Do Loose Gun Laws Reduce Crime?

Crime Rates for Shall and May Issue States

Crime Rates for Shall and May Issue States

It’s a question that everyone seems to know the answer to, and an oft repeated mantra of gun rightists everywhere. Myself, I’m always skeptical so I decided to find out for myself.

Without getting in the specifics, in the concealed carry world, there are four major classifications of states:

1) Unrestricted – where anybody can carry a gun in any way they see fit
2) Shall Issue states – where those wishing to carry a gun must apply for a permit, and follow specific rules
3) May Issue states – which have more strict rules and regulations than shall issue states.
4) No Issue states – No concealed carry allowed

As of 2012, there are 39 “shall issue” states and 10 “may issue” states. As there aren’t many unrestricted and no issue states, I will compare shall and may issue states only.

I assembled a dataset of CCW classifications, along with population adjusted firearm deaths, rapes and robberies. Crime is certainly about more than just gun laws. Thus, for controlling variables, I also included the percentage of people living in urban areas, percent African-American and the Gini coefficient, a measure of income inequality.

Graph1The results can be seen above. Shall issue states have more firearm deaths and rapes than may issue states, but fewer robberies. These differences were all statistically significant.

Again, crime is about more than just gun laws. It is also about urban and rural divides, income inequality and entrenched marginalization and poverty. Thus, in ran some regression models using the controlling variables for percent urban, percent African American, and income inequality as measured by the Gini. I also included an interaction term for percent African American and the Gini, as the two could synergistically alter the state crime profile.

I found that May Issue states still had fewer deaths and rapes than Shall Issue states. Stricter gun laws were actually the only significant variable in the model. For robbery, however, the difference between shall issue and may issue states went away when including the other variables.

What I concluded: I found that states with stricter gun laws have lower rates of violent crime. I also found that there is no association of gun laws with robberies, which are better explained by demographic variables associated with urbanicity and the social problems of a pluralistic, yet unequal, society.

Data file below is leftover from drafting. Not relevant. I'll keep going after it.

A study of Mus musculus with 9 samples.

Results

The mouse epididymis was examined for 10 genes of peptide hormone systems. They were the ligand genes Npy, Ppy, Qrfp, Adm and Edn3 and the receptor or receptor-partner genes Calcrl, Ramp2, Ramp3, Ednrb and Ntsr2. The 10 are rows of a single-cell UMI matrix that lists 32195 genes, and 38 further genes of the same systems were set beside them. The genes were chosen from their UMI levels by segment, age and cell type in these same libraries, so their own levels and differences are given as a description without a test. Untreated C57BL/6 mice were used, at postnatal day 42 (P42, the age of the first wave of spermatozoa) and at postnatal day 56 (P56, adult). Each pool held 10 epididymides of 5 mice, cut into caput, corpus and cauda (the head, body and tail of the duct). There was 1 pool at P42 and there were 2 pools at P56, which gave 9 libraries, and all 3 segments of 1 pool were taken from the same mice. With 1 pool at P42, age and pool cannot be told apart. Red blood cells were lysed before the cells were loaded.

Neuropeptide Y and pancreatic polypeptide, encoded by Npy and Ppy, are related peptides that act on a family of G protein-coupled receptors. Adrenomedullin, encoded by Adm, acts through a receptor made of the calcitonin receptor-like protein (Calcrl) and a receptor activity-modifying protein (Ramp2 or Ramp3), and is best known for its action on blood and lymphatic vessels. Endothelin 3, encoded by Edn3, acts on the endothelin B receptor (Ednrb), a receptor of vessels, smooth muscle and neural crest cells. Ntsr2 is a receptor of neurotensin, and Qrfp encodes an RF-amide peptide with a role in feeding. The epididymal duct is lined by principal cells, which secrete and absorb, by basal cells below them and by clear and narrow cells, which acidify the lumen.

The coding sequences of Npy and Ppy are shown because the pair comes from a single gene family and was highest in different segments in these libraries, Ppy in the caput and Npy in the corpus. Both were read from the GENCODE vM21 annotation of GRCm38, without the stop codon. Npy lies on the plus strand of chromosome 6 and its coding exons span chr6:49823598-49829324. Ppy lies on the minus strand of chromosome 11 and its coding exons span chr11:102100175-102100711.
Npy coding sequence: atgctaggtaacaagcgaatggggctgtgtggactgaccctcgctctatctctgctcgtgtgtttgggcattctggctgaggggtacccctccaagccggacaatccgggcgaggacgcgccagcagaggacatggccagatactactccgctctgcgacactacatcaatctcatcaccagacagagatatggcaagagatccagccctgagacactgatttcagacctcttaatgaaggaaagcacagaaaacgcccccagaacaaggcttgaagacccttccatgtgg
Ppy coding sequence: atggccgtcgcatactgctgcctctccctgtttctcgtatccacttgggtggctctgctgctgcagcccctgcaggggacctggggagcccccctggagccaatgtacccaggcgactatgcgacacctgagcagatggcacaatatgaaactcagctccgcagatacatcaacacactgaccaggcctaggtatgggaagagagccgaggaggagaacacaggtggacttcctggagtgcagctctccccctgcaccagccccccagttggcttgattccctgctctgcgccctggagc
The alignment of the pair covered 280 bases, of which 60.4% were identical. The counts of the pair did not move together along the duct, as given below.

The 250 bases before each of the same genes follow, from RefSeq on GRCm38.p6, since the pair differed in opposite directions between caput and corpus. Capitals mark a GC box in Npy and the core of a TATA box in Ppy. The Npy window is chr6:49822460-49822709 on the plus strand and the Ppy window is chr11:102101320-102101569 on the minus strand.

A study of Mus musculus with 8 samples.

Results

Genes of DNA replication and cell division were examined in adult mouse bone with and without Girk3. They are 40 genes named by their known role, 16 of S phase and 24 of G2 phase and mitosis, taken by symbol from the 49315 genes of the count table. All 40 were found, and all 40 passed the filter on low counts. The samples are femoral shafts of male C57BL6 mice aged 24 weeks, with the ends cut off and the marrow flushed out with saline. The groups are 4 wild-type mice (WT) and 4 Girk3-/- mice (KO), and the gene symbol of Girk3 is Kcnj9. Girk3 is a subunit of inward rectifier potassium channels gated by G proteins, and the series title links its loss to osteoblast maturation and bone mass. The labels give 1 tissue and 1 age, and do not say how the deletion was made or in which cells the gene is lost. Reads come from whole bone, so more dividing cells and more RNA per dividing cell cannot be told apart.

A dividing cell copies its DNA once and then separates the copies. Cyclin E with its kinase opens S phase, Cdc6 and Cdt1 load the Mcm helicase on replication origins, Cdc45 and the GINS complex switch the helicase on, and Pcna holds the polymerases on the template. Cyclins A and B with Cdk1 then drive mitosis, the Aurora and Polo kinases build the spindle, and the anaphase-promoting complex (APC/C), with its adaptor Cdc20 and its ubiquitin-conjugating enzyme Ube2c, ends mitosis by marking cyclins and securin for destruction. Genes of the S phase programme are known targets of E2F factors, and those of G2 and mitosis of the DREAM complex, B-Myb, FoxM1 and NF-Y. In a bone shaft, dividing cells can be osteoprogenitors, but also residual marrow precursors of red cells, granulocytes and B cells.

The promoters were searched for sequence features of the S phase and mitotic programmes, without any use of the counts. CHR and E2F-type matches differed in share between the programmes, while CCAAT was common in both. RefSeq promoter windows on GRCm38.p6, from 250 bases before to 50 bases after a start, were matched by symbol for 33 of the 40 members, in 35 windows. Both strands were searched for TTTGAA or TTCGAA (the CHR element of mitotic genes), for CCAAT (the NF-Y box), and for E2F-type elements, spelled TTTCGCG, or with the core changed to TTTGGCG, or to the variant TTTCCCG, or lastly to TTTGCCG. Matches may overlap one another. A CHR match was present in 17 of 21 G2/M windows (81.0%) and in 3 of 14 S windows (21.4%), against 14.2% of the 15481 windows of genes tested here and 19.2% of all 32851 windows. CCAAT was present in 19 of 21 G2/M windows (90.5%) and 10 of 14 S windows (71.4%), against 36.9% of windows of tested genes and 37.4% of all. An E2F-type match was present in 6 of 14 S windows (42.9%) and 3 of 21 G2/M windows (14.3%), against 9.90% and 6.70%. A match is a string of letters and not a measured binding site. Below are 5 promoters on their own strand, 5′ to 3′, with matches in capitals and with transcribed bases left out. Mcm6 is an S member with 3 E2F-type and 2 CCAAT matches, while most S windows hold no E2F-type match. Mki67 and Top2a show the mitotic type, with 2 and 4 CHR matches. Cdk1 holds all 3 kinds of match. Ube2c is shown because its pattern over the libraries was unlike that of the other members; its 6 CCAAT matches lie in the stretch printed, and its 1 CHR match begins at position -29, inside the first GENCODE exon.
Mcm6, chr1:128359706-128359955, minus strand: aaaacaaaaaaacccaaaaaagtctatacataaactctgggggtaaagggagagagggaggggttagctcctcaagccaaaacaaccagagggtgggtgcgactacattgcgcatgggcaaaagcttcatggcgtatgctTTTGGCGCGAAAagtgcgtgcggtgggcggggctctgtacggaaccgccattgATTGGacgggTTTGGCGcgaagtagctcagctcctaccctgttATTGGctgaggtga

We might conclude, then, that the answer to the question posed in the title of this post is NO: loose gun laws do not necessarily lead to lower rates of crime, contrary to what appears to be popularly believed.

I could run with this and state publicly that strict guns rules work. Believe me, I want to. I won’t for fear of being guilty of the same crime that gun proponents commit when throwing around “evidence.”

This simple analysis suffers from a problem endemic to discussions of policy. Namely, that the factors on the causal pathway between policy and human behavior are elusive and difficult to measure. It is difficult for me to state definitively that gun laws have anything to do with crime at all. I am not able to effectively connect the dots between implementation and change in crime patterns, while accounting for all of the other factors that may be simultaneously at play (social problems, economics, incarceration, etc.). The results certainly can lead one to certain conclusions, but my goal here is not to prove that gun laws work, but rather to show that the data don’t support the assertion that they don’t work.

Regardless, popular discussions act as if finding the links between gun policy and crime is a trivial affair, despite weak evidence and measurement. Others have noted the complexity of drawing conclusions on the subject. It is ironic to me, that some of the same people who may accept weak studies of the effect of gun policy on crime as hard fact and cherry pick results, are the same people who deny human induced climate change, for which there is ample, well documented, and solid support. This is a sad, sad state of affairs.

Regression results

Regression results

About Pete Larson

Researcher at the University of Michigan Institute for Social Research. Lecturer in the University of Michigan School of Public Health and at the University of Massachusetts Amherst. I do epidemiology, public health, GIS, health disparities and environmental justice. I also do music and weird stuff.